In order to track and understand a website’s visitors, you would use Google Analytics. Google Analytics is a great way to see where users are coming from and how they are interacting with your site. But, what if you also need to track a specific action that users are taking? Maybe, having users opt-in to your email list is a key part of your sales funnel.
With a video on your site, what if you want to know how many users watch the video or watch the entire video?. How would you know the percentage of people who come from certain channels opt-in to your email list? This is where event tracking comes in.
Events are a specific action a user may take on your website that gets sent to Google Analytics. For example, there is a content upgrade in this article where you can download our Introduction To Google Analytics eBook. When you submit the form, an event is sent to Google Analytics. This allows me to track and optimize our traffic and conversions.
Instead of a content upgrade, maybe you have a video on your page that you want users to watch. Many video players allow you to send an event when someone starts watching a video and when they watch the whole video. So, you could see the percent of users who watch the video and compare that based on where they came from and which pages they visited on your site.
If you are using Quiz And Survey Master, you could send an event when someone submits your quizzes or surveys. This is very helpful when you want to see which acquisition channels are sending the most users that are submitting your survey. Then, you can see how these users go on to make purchases on your sites to optimize and test different strategies for improving the process of taking a new user through the purchase.
The events are then passed into Google Analytics and can be seen in the “Behavior” section. In the screen above, I went to the “Top Events” section to see our top events on the Quiz And Survey Master website. Here, we can see all of our top events. We can add a secondary dimension to see where the user came from or the average sale from these users.
The parts of an event
Each event has a few parts to it to help you compare and track different types of events. These are the category, action, and label.
This is a way to group a set of events together. For example, all of our content upgrades use the category of “Content Upgrades”. This could also be “survey”, “videos”, “pdf”, etc..
This is the specific action the user has taken on your site that you want to track. For our content upgrade, we use “download”. For our email opt-ins, we use “subscribed”. Some other examples could be “downloaded”, “play”, and “stop”.
Event labels allow you to send over some additional information about the event. If you have more than one of the category on your site, this may be a good way to identify which has been interacted with. For example, if you have multiple PDF’s on your site, you may use “pdf” as your category and “downloaded” as your action for all of them. You would then use the label to identify each of them. So, for the PDF’s, you may have labels of “My eBook”, “Meal Plan”, and “Case Studies”.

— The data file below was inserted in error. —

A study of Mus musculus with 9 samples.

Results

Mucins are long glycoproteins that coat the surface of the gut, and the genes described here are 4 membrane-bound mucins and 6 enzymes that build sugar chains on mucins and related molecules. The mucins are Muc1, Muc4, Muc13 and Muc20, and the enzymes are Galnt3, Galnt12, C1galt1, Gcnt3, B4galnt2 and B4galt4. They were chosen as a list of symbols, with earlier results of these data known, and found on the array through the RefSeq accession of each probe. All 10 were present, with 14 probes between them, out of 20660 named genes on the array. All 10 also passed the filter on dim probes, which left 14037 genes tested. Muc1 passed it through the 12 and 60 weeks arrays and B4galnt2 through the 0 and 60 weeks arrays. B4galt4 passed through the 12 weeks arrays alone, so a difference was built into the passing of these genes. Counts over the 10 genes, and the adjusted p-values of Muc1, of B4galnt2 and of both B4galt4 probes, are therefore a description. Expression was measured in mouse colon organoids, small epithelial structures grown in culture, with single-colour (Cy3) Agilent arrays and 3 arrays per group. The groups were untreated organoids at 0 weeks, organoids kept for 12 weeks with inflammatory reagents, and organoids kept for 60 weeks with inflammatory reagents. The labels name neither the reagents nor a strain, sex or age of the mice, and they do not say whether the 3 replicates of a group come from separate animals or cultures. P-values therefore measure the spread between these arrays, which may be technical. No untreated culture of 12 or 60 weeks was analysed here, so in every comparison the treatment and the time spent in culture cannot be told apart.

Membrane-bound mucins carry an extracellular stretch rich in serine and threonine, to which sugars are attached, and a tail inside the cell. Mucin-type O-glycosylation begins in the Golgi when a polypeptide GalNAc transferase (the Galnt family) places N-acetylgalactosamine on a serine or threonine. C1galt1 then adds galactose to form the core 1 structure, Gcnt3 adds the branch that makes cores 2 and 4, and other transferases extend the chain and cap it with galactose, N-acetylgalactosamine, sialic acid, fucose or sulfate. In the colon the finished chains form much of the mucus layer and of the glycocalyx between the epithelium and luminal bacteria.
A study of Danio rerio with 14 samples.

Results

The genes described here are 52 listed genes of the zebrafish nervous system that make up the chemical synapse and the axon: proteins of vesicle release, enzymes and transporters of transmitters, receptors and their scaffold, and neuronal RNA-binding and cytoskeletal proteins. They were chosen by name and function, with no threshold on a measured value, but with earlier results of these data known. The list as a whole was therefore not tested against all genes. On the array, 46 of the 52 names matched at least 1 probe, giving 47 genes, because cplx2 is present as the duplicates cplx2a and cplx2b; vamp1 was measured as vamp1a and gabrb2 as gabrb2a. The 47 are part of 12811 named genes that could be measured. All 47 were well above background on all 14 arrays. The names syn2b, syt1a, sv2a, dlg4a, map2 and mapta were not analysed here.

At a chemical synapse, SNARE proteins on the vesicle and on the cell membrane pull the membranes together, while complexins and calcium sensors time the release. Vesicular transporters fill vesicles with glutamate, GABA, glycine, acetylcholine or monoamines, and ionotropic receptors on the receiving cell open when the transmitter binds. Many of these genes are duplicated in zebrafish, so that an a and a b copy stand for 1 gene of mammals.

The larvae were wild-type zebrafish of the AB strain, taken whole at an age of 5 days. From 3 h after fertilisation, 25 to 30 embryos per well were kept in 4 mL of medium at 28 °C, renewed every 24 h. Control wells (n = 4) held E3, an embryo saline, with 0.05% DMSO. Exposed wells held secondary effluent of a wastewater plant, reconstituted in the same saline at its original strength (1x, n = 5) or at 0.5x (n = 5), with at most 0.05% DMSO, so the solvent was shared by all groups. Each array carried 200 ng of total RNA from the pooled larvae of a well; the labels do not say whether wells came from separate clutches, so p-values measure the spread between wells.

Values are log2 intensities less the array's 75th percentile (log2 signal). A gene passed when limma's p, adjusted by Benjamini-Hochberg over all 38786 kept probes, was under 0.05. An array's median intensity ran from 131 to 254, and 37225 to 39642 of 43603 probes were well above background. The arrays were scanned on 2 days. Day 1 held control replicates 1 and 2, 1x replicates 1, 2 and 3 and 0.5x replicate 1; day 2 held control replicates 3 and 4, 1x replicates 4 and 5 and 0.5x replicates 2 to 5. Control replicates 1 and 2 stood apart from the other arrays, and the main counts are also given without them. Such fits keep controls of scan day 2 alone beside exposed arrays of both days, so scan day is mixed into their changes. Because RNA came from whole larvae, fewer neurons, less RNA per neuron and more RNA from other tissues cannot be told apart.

Let’s say we had a video in the header of our website called “Getting Started” and then another video in the content of our website called “Why Use Us”. We could structure our events like this:
- Getting Started Video
- Event Category: Video
- Event Action: Play
- Event Label: Getting Started
- Why Use Us
- Event Category: Video
- Event Action: Play
- Event Label: Why Use Us
How to use event tracking
When it comes to using event tracking on your website, you will need to see what options are available for the different elements of your website. For example, we use a WordPress plugin to create our content upgrades. In the settings for the plugin, is an option that we can turn on that allows the plugin to send an event to Google Analytics when someone submits the content upgrade form.
We also use Drip for our email marketing. Our opt-in form allows users to enter their email address to receive our Google Analytics eBook. The settings of Drip allows us to configure an event that is sent to Google Analytics when someone submits the opt-in form.
Most email marketing platforms have a similar option.
If you are using YouTube videos, you can use the Google Tag Manager inside Google Analytics to set up a “YouTube Video” trigger.
If you are inserted in adding links into your site that people can click on to subscribe or download, you can use this technical trick to using event tracking in the onclick event.
If you are just getting started with Google Analytics, you can check out our eBook:
The next step you will want to take is to look through the various elements and products you use to see if there are settings for enabling event tracking. If you are using a video player on your site, there are usually settings for Google Analytics events. For most email list providers and eCommerce platforms, there are usually options for turning on event tracking.
Also, if you are not using UTM’s yet, be sure to check out our Not Using UTMs? You Should Start Right Now! post.